Reggae Christmas songs playlist

The holiday season has officially begun! And for us holiday fanatics, this also means the beginning of seasonal celebrations – good food, great presents, and of course, cheerful holiday music. For those with an old-fashioned Caribbean Christmas in mind, we’ve rounded up our favorite reggae Christmas songs for your holiday playlist. With a mix of traditional carols and classic roots rhythms, feel free to play these tunes well into January. You can play them directly from our YouTube playlist here if you like. Happy holidays!

Black Business body

Written in 1981 by Mikey Bennett, “Mek the Christmas Catch You in a Good Mood” continues to be a well-loved song that is played year after year in Jamaican households. The holiday jingle, performed here by Home-T, has become a classic reggae Christmas song that evokes an immediate sense of happiness and joy when heard. Throw on this tune and prepare to dance, sing along and just have a good time.

Mary’s Boy Child: Boney M

Though written by American songwriter and composer Jester Hairston, this song’s infectious calypso beat made it an instant hit with generations of Caribbean performers. Harry Belafonte recorded this tune first in 1956, backed by an ethereal orchestra. Many other have followed him, but we love this disco-tinged version by the pan-Caribbean group, Boney M. This version bring the group’s classic combo of Caribbean folk classics with electro beats.

Santa Ketch Up Inna Mango Tree

With playful lyrics, this catchy reggae tune was released on Faith D’Aguilar’s 2001 Sweet Reggae Christmas album. The jolly song follows Santa’s journey from stuck in a mango tree, to riding through town on a donkey to deliver presents to all the boys and girls on Christmas day. The melody is the same from beginning to end, which makes it a great song to share and sing along with children this holiday season.

Santa Claus, Do You Ever Come to the Ghetto

Remastered by Naomi Cowan in 2021 from gospel and reggae legend Carlene Davis’ hit, “Santa Clause (Do You Ever Come To The Ghetto)” is one of the trademark Jamaican songs of the holiday season. This version, which features the mother and daughter duo, perfectly captures the emotion of the lyrics through both the singers’ passion and the scenes in the music video. Despite the song’s catchy tune, the meaning is much deeper, touching on social issues like inequality and financial hardships crippling the island’s poor communities.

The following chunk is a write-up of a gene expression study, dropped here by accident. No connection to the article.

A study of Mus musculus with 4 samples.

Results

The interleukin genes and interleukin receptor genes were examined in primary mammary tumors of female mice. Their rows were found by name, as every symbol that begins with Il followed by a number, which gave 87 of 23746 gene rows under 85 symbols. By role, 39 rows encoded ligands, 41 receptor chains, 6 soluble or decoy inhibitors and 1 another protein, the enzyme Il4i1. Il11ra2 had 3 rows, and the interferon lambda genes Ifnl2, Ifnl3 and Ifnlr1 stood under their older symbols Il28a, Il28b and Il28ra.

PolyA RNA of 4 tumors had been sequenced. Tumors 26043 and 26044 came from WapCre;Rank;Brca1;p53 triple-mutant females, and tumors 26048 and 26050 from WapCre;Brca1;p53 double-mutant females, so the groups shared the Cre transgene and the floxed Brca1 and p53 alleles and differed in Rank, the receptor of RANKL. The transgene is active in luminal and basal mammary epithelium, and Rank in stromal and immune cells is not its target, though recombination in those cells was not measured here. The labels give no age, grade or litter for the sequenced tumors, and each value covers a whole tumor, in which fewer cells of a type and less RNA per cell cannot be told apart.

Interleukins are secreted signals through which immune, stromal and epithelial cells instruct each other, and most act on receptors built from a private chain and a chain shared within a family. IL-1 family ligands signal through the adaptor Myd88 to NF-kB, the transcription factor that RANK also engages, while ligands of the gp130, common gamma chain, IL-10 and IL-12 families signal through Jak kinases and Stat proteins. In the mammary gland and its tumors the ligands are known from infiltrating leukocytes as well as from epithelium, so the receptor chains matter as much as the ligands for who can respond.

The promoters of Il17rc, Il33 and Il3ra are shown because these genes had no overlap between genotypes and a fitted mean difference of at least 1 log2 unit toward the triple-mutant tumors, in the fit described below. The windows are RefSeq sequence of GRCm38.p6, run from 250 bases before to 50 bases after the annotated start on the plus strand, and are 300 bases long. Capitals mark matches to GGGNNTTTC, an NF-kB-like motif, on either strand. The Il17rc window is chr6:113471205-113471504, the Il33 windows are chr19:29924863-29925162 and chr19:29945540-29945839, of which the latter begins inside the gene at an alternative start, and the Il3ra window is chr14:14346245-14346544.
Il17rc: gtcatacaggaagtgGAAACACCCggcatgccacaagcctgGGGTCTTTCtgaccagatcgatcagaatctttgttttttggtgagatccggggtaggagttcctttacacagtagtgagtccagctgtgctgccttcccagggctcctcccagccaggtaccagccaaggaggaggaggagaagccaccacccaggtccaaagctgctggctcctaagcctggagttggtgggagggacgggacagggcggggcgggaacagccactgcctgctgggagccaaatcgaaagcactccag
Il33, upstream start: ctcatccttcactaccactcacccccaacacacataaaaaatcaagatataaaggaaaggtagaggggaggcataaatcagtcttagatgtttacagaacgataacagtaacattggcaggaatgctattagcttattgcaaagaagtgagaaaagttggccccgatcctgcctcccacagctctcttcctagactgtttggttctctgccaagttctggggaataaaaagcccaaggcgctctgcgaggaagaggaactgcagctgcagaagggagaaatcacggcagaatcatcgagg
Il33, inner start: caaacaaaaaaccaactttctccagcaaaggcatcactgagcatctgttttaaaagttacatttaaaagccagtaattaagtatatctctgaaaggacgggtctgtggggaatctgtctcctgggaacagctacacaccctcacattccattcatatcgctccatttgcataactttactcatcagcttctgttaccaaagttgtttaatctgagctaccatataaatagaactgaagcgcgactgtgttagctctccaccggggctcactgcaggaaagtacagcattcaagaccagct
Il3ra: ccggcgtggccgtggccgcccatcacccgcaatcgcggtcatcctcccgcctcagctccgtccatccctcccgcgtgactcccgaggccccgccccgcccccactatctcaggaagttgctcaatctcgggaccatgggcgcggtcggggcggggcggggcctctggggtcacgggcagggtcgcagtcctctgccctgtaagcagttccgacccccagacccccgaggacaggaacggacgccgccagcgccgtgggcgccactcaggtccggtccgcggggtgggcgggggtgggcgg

Joyful, Irie Christmas in the Sun

Originally released in Jamaica in 1989, “Christmas in the Sun” by The Stage Crew was internationally released by popular Jamaican record label VP Records in 1994. The song accurately describes what Christmas is like in Jamaica where there’s no snow, ice, or roasting chestnuts on an open fire. Instead, the band confesses that the perfect recipe for a “joyful irie Christmas” is to spend it in the sun with warm, friendly people.

Sound The Trumpets: The Wailers

We love this tune, which is one of the few holiday songs recorded by The Wailers (Bunny Wailer, Peter Tosh, and of course, Bob Marley). Recorded in the band’s early days, the song has an infection ska rhythm and amazing lead vocals from Marley. Recorded at the legendary Studio One, the track echoes a “Deck the Halls” melody and a lovely trumpet solo from “Santa Claus is Coming to Town.”

Santa Claus Never Comes To The Ghetto: Yellowman

Yellow Man’s re-take on Carlene Davis’ 1981 song (Read our special interview with Davis on her 2018 album here) offers a dancehall twist. Among the season’s decadent festivities, this song also reminds us of social inequality, and what we owe each other.

Santa Claus Is Ska-ing To Town: The Granville Williams Orchestra

Sometimes you need a big full sound for a reggae Christmas carol. So we love this classic cover of this holiday tune by The Granville Williams Orchestra, released in 1964. Big band saxophones and trumpet fill out the luscious melody, as a classic ska rhythm keeps the beat. This beautiful arrangement was also all done by Jamaican ska legend, Ernest Ranglin. It’s the perfect background instrumental for this year’s classy Caribbean Christmas party.

Happy Christmas: Toots & The Maytals

At the high of their roots reggae powers in 1974, Toots and The Maytals released this stunning track for the holidays. Tinged with their classic gospel sound, the song also features a passionate vocal performance from Toots. All proof positive that the legendary singer is one of reggae’s best front men. The result is a cheerful Christmas tune beaming with raw joy and positivity.